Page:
Patrick Kane (left) and Jonathan Toews are the two biggest reasons the Hawks… (US Presswire )
Many Blackhawks fans are nervously comparing this year's very good team to last year's unbelievable Team of Destiny. They're glancing at the standings, seeing a third-place finish in the Western Conference and preparing for a short playoff and playoff beard run.
But fear not, fearful fearing persons: Not only do the Blackhawks have a good chance of dispatching the big, bad St. Louis Blues, but here's why they should be favored in this series.
THE BLUES' SWOON
Two weeks ago, it seemed inevitable that the Blues would win the Central Division. On April 4, they led Colorado by seven points with six games to play. The Blues have scored only five goals since then. In their past nine games, they've scored 2-1-2-0-2-1-2-0-0 goals.
Their freefall isn't just entertaining, it's historic: Since the introduction of the shootout, no NHL playoff team has lost its final six regular-season games in regulation. And things didn't go well for the two nearest comparisons.
>> In 2006, the N.Y. Rangers lost their last five in regulation. They were swept in the first round.
>> In pre-shootout 2002, the No. 2-seed Philadelphia Flyers bombed in their last 10 games, going 2-7-1. They lost their opening round in five games against lowly 7-seed Ottawa, scoring 1-0-0-0-1 goals in those contests.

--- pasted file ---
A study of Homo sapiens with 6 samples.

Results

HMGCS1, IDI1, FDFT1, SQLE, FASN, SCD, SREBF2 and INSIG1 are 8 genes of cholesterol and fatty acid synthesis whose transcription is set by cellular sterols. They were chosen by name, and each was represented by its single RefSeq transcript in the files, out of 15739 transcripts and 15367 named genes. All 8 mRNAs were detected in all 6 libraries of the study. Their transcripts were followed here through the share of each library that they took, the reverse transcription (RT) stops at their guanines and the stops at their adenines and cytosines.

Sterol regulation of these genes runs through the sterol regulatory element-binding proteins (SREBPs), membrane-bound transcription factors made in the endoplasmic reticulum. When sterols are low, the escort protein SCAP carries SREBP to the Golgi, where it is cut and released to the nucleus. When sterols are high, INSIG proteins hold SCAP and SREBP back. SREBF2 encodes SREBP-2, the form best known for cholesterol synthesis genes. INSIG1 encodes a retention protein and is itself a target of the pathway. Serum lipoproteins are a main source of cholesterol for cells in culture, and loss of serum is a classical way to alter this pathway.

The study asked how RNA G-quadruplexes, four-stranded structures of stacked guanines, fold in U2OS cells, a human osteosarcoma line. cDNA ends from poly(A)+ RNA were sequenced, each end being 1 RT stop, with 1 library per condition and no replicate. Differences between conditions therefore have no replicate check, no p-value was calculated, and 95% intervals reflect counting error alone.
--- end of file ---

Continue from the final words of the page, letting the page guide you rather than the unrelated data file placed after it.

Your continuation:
OVERTIME? NO PROBLEM
The Blackhawks' regular-season struggles in overtime and the shootout cost them many points by season's end. With 15 overtime/shootout losses, no team in the playoffs left more points on the table. In the postseason, four-on-four overtimes and skills-competition-points go away.
The gloriousness of playoff overtime gives us full five-on-five hockey until a goal happens, and Chicago's been better than St. Louis in five-on-five hockey the whole season, let alone recently.
The Blackhawks are far healthier than St. Louis at this point, with Chicago resting dinged-up players over the weekend and giving Jonathan Toews and Patrick Kane extra rest to deal with somewhat serious injuries.
The Blues, meanwhile, needed to keep the pedal to the metal in an attempt to win the Central and avoid the defending champs in the first round, yet they still had 10 (!) scratches on their roster for Sunday's division-title-blowing loss to Detroit. Six of their top 13 scorers are questionable at best for Game 1 on Thursday, including captain David Backes and forward T.J. Oshie. Even if all return, they'll certainly be at less than 100 percent.
HOME ICE NOT ENOUGH
What about home-ice advantage, you ask? Doesn't that favor St. Louis? Well, teams still do play better at home than on the road, but the differential has dropped over the years. And in Game 7s since the 2004-05 lockout, home teams are only 12-12. That's no advantage for the Blues.
Longtime Hawks fans are hesitant to make predictions of bravado regarding their favorite team. They'll be the ones yelling at me in the comments sections, on social media and in person on the Metra.
But all I can see are positive signs for the Blackhawks and bad things, man, for the Blues. I'm certainly not ready to say "repeat," but I'm confident in a dominant Blackhawks-in-five series win.
RedEye special contributor Alex Quigley can be heard from 1-3 p.m. weekdays on 87.7-FM The Game.